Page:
ROOM FOUR grew out of many moments in the ER that left me scratching my head in amazement. One day a patient was actually admitted to the hospital, wheeled up stairs, and died while still on the ER gurney. And as I listened to two doctors argue about who had to fill out the death certificate, I wondered if bureaucracy could be so bad that it could hold up your soul…and the character of Jerry was born. His voice was the most fun to write. He gets away with saying anything.
Alan, the narrator, asks all the questions that we all do, most often “why me?” This book was an attempt to discuss that, not necessarily to answer it. By making both characters invisible to others, it forces them to talk more than they normally would if they had met at say, the bus stop. Once Alan and Jerry started talking, the book almost wrote itself.
Seeing it published is a thrill, tempered at first by the usual artistic neuroses of “what if it’s terrible?” When Kirkus named it one of the best books of 2012, I almost fell out of my chair. I am more motivated to write the next book now. I chose the indie route because I had an army deployment coming up, had two literary agents tell me how they loved the book but didn’t know how to categorize it, and I was tired of the slow pace of writing queries and getting rejections. How hard is it to market a genre-bending paranormal medical comedy? Well, it isn’t easy but it’s a lot of fun.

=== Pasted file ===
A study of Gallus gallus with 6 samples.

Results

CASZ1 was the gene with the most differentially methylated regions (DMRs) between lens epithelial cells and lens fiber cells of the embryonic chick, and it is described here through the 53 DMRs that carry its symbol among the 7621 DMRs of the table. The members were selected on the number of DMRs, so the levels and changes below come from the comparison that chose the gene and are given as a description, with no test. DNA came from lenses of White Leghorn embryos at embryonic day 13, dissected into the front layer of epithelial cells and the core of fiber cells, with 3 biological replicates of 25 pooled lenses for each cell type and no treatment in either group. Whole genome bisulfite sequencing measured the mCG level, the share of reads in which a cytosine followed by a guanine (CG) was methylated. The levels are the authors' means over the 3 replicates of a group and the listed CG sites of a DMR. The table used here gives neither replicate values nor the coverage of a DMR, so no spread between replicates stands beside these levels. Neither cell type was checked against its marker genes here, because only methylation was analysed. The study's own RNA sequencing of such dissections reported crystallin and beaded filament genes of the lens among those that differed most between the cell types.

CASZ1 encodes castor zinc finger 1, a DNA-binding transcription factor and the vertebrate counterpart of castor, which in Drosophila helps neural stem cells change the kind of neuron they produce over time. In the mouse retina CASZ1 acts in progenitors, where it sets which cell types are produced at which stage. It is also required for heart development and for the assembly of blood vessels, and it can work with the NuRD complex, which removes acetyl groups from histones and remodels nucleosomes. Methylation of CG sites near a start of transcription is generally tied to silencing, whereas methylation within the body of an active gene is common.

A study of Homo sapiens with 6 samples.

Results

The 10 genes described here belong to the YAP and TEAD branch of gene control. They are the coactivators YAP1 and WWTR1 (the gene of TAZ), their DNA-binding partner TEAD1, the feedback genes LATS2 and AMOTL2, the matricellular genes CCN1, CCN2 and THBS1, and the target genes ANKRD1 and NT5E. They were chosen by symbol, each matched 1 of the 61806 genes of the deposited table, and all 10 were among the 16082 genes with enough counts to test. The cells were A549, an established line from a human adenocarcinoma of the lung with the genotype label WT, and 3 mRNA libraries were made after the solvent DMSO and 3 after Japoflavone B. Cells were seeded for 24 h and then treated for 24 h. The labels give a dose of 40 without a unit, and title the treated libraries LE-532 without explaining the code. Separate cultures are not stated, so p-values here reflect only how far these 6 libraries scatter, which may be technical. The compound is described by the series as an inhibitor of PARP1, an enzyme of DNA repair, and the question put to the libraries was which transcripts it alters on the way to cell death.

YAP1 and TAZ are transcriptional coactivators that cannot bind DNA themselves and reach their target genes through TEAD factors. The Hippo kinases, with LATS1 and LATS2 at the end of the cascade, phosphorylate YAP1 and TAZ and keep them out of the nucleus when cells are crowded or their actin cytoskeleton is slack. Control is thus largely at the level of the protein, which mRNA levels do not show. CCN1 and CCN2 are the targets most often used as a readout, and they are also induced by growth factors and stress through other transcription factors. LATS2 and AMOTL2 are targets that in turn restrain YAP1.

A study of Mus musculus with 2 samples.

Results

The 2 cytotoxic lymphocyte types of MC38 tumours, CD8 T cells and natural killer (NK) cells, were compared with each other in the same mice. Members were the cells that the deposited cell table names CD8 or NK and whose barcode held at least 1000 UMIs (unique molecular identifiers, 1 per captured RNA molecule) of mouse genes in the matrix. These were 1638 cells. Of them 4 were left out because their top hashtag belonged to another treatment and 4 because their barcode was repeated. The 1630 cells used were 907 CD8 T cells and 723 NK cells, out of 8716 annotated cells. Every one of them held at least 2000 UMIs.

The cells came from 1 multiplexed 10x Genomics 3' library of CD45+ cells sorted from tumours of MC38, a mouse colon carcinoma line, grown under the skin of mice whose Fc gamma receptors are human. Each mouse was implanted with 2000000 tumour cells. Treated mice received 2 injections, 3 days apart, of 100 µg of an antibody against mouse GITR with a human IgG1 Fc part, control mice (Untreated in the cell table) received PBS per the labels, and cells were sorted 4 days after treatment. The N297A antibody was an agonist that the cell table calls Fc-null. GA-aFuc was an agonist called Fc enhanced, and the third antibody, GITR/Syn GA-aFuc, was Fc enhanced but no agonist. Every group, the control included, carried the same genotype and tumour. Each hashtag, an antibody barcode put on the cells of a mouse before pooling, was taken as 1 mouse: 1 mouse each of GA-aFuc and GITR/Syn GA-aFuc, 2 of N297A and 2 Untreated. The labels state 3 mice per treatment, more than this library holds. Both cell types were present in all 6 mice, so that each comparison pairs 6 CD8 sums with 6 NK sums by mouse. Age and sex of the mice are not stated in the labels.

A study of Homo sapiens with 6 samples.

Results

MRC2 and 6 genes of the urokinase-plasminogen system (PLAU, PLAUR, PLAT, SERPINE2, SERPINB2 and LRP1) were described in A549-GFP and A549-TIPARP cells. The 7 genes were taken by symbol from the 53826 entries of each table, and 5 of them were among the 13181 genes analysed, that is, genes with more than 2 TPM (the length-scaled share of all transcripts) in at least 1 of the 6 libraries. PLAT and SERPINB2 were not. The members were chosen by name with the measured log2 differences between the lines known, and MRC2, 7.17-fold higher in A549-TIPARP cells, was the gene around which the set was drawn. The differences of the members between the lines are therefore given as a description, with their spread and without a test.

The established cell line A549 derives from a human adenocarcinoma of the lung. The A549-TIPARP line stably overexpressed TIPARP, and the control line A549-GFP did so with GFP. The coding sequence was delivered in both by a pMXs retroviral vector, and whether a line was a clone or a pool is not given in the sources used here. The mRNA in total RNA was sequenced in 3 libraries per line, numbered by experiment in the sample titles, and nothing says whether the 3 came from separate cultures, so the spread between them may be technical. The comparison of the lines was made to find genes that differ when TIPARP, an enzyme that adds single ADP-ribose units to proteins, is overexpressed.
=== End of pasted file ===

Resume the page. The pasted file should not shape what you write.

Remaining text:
About the Author:
I am a practicing emergency physician and I have been in the army in various ways for sixteen years. Both of those professions have led me to wonder if the long arm of bureaucracy could extend into the afterlife. Before medicine, I waited tables, sold shoes, bred praying mantises for a lab, drove an ambulance in Chicago, and sold advertising. I‘ve traveled all over, moved to Wisconsin in 2003, and love to call it home. I am so very grateful for my patients and colleagues, who react with compassion and bravery in some of the most challenging of circumstances. It is a privilege to witness some of the everyday things that happen in the ER. When there isn’t time during a shift to contemplate the big questions, I talk it over with my book characters the next day.